The US Department of Transportation (DoT) has today rejected Frontier Airlines’ request to minimize its current network. Simultaneously, it has granted Sun Country Airlines permission to stop flying to a major part of its domestic destinations. These requests have come after airlines have found it hard to make revenue on most of their flights. However, as a part of the US government’s relief fund, these airlines are required to fly to all of their destinations.
The United States government had last month announced that it would be providing US-based airlines special funding to help them survive the impact of the ongoing pandemic. The funding, also known as The Coronavirus Aid, Relief, and Economic Security (CARES) Act, will be provided to all airlines as long as they meet specific rules and guidelines. One of these guidelines requires airlines to fly to every domestic city that they flew to before the pandemic began.
Unfortunately, many of these airlines have found it hard to make money on most of their routes. As a result of this, they started consolidating their services to one or two major airports in every city. For example, JetBlue used to fly to 15 airports in the country’s five biggest metropolises. However, after its consolidation plans, flights to eight of these airports were suspended.
Despite possible alternatives, some airlines have found it hard to sustain every passenger route. Frontier Airlines had requested the US government to allow it to stop flying to 30 destinations across the US for the time being. Out of these, Frontier has been permitted to quit its services to just three: Boston, Charlotte, and Detroit.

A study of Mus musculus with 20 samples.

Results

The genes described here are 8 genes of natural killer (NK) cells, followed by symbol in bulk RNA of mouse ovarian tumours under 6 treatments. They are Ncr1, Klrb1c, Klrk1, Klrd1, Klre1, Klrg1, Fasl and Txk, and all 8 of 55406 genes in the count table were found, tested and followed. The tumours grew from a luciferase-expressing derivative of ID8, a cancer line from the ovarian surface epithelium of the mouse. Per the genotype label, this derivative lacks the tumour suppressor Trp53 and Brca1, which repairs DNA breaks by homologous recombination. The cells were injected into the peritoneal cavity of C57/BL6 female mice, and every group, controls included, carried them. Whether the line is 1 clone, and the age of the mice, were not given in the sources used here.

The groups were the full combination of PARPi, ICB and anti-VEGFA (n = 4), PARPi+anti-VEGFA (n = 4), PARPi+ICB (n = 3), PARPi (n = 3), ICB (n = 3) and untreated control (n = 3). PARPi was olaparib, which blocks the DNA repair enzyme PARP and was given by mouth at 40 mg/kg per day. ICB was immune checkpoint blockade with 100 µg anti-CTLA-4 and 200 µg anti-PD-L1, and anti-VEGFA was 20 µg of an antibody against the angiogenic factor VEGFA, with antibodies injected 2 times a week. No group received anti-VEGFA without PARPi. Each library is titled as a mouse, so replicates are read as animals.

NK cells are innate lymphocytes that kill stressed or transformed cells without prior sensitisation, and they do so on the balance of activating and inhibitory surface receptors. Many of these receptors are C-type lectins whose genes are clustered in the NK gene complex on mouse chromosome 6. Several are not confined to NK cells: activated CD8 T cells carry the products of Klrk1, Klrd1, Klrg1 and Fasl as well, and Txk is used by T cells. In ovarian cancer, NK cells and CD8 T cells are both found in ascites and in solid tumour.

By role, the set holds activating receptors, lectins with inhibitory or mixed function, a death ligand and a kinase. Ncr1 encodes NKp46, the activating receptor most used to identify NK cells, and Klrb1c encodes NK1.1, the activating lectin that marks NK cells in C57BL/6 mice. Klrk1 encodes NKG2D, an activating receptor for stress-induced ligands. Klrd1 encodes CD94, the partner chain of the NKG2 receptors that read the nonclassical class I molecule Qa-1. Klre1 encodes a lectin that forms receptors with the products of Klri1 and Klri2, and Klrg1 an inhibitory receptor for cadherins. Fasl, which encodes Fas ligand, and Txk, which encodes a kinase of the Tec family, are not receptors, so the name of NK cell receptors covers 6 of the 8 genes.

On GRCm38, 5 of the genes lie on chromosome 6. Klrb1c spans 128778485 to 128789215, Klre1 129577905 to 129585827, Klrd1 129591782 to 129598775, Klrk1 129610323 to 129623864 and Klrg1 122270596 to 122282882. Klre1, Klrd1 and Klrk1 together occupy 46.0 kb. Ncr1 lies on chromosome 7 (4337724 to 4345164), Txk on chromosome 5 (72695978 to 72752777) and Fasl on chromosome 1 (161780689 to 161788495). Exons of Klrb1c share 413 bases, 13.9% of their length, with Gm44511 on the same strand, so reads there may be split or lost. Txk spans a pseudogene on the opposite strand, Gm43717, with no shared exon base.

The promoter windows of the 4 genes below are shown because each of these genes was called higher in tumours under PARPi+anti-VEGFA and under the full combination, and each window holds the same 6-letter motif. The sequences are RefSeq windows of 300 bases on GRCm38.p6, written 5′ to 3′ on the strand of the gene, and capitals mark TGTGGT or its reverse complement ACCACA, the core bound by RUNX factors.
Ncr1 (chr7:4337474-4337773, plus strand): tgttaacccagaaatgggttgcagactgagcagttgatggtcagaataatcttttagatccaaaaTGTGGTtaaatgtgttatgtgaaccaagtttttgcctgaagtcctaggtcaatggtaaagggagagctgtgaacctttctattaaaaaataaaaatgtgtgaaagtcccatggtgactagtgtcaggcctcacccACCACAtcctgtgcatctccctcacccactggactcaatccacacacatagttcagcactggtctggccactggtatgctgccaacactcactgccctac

On the other hand, Minneapolis-based Sun Country Airlines has received approval to suspend service to 15 domestic markets until June 21.
Although the decision seems quite biased against Frontier, The US Department of Transportation (DoT) has a practical reason behind it. It reasoned that smaller carriers like Sun Country should be granted relief from serving large hubs or focus city airports. Specifically, those that have abundant services by large operators and use these airports as connecting hubs.
More specifically, the DoT said it would grant relief for carriers with less than 10% of total domestic capacity from operating to large hub airports. Since Sun Country holds a negligible market share in the US airline industry, its allowances are understandable.
The other reason behind this ‘unfair’ treatment might have to do with the differing nature of these two airlines. Frontier operates leisure routes to primarily large-hub destinations, while Sky Country mainly flies to smaller cities with much lower demand. It is evident that as far as the current situation is concerned, there is almost no demand from non-major destinations.
Recently other US carriers like Spirit and JetBlue had made similar requests. Most of these were rejected by DoT based on the same reasoning. For now, the United States government has to assess what is more important, an extensive airline network, or the safety of passengers.
Do you think these decisions are justified? Let us know in the comments.